As a contemporary Islamic artist I love creating contrast between the traditional patterns and the modernity of colours. Sincerely I rarely use traditional colours in my artworks simply because I believe that Islamic geometry and Islamic art in general has evolved over time and continues to grow as an art form.

But it is fundamental to know how those patterns were created in the past and why craftsmen used certain colours.

Islamic art is known for its distinct and vibrant traditional colours, which are often based on a range of shades that represent different aspects of the Islamic faith.

The use of colours in Islamic art goes beyond merely aesthetic purposes, as they are often employed to convey spiritual messages or represent moral lessons.

As you may already know, Islamic art is based on symbolism and avoids figurative art. This stems from the belief that the creation of living forms is unique to God. The imitation of God by Muslim artists is considered as making themselves equal to God, which is a great sin in Islam.

This is why colour is so important. What cannot be depicted with the use of figures, will be depicted with geometry, Islimi, calligraphy and colours. The white, green, yellow, black, red and blue colours are mentioned in different surahs.

Five of the colours that are mentioned by name are terms of the pre-Islamic vocabulary of Arabic, abyad (white), ‘aswad (black), ‘ahmar (red), ‘aṣfar (yellow) and ‘akhḍar (green).

Nowadays, Islamic artists use a variety of colours that allow them to expand this art form and make it contemporary. But in the past, the colours reflected in Islamic art could vary according to historical period, availability of pigments and geographical position.

The pigments were obtained from:

  • minerals
  • plants
  • animals, insects and fish

Let’s see now which are these traditional colours, where did the pigment come from and what Islamic symbolism infused in them.



In Islami, it’s recognized as the colour of the cloth enveloping the Kaaba. This colour emphasizes the idea of the divine origin of the black colour, covering all the colours. Many Islamic theories put forward the idea of God’s colourlessness, which has been considered a symbol of God’s existence.


The earliest forms of blue pigment were extracted from the limestone rock mixture ‘lapis lazuli’. Originating from the Middle East, in particular Afghanistan, the word’s etymology comes from the Latin ‘lapis’, which translates into ‘stone’, and ‘lazuli’, meaning ‘blue’. Lapis lazuli is a highly prized and expensive pigment.

Apart from Lapis Lazuli, different shades of blue are also used in Islamic art, such as turquoise and cobalt.

Blue is considered symbolic of the earth and sky, and in Islamic tradition often signifies the impenetrable depths of the universe.


Green has been used in art since the time of the Ancient Egyptians, primarily using green earth and malachite in their art.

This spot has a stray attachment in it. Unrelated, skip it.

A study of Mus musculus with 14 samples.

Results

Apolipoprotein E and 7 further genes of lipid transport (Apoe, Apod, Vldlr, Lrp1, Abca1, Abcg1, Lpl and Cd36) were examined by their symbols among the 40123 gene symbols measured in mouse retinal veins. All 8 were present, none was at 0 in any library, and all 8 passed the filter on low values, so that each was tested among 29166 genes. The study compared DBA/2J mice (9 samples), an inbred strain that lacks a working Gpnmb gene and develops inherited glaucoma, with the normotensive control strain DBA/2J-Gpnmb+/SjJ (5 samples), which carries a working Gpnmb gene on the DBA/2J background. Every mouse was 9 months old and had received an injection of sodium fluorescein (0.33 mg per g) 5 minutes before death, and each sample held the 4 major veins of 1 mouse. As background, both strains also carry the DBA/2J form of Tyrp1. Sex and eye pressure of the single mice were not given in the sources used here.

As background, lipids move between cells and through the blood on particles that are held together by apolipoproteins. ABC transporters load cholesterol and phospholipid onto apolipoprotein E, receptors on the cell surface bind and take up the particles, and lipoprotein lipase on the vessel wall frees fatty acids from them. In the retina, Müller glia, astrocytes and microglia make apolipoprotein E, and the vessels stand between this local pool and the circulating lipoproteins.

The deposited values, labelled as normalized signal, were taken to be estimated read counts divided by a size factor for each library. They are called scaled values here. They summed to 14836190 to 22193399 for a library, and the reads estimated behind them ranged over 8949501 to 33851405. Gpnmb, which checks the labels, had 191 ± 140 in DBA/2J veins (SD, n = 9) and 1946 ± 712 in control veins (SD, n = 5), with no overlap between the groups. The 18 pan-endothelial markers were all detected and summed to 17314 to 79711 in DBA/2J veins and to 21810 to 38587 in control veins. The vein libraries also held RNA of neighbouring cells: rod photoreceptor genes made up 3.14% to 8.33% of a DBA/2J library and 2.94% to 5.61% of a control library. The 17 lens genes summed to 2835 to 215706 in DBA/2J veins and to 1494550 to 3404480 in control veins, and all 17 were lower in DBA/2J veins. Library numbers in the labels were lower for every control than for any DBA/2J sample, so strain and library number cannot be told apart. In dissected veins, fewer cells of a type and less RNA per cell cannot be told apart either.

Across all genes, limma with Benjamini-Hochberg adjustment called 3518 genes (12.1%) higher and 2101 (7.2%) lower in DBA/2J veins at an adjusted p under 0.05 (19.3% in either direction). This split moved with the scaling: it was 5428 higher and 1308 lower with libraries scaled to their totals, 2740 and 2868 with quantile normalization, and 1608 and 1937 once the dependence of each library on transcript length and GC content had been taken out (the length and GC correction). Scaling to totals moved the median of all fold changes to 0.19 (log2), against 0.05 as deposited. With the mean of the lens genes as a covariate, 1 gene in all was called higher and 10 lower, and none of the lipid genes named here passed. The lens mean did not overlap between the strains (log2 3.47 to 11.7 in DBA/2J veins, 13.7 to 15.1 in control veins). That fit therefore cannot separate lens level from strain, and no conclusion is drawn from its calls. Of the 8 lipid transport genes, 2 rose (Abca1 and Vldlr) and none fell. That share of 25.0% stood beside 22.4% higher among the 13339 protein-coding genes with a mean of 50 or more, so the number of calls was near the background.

It is in the middle of the visible spectrum and symbolizes life, harmony and nature thus it’s often used in Arab flags.

In Islam, we can say that it’s the primary colour and symbol since in the Quran it is associated with paradise.


White was one of the first colours used in art together with black, and it’s naturally occurring as calcium carbonate (a.k.a. chalk).

It is perhaps the second-most associated colour with Islam and signifies cleanliness, purity and modesty.


Red ochre and cinnabar were the main pigments used for the red colour.

In Islam, as in many other cultures, red has different meanings: it’s the colour of love, and at the same time, it is the colour of fire, war and blood.

Psychologically, it is a naturally attention-grabbing colour because it has the longest wavelength, which means that is perceived closer in the visible spectrum.


The most and first used pigment for yellow was ochre.

It has a long wavelength and can grab attention easily. Yellow is often associated with gold, although while gold represents the enlightenment that comes from the word of God and is widely used in the Quran and manuscripts, the yellow colour in Islam inspires gladness.

It is fascinating to learn about the origin of these vibrant colours. As we have seen, Islamic art has evolved over time and continues to grow as an art form.
I invite you to explore more about Islamic art and its use of colours. By understanding this unique form of art and its distinct colour palette, you can gain a deeper appreciation for this beautiful art form.

If you want to learn more about this topic I recommend reading this blog post.


Traditional colours of Islamic art

May 16, 2023


    Well, there was 5 minutes well spent thinking about the significance of colour, highly enlightening and food for thought!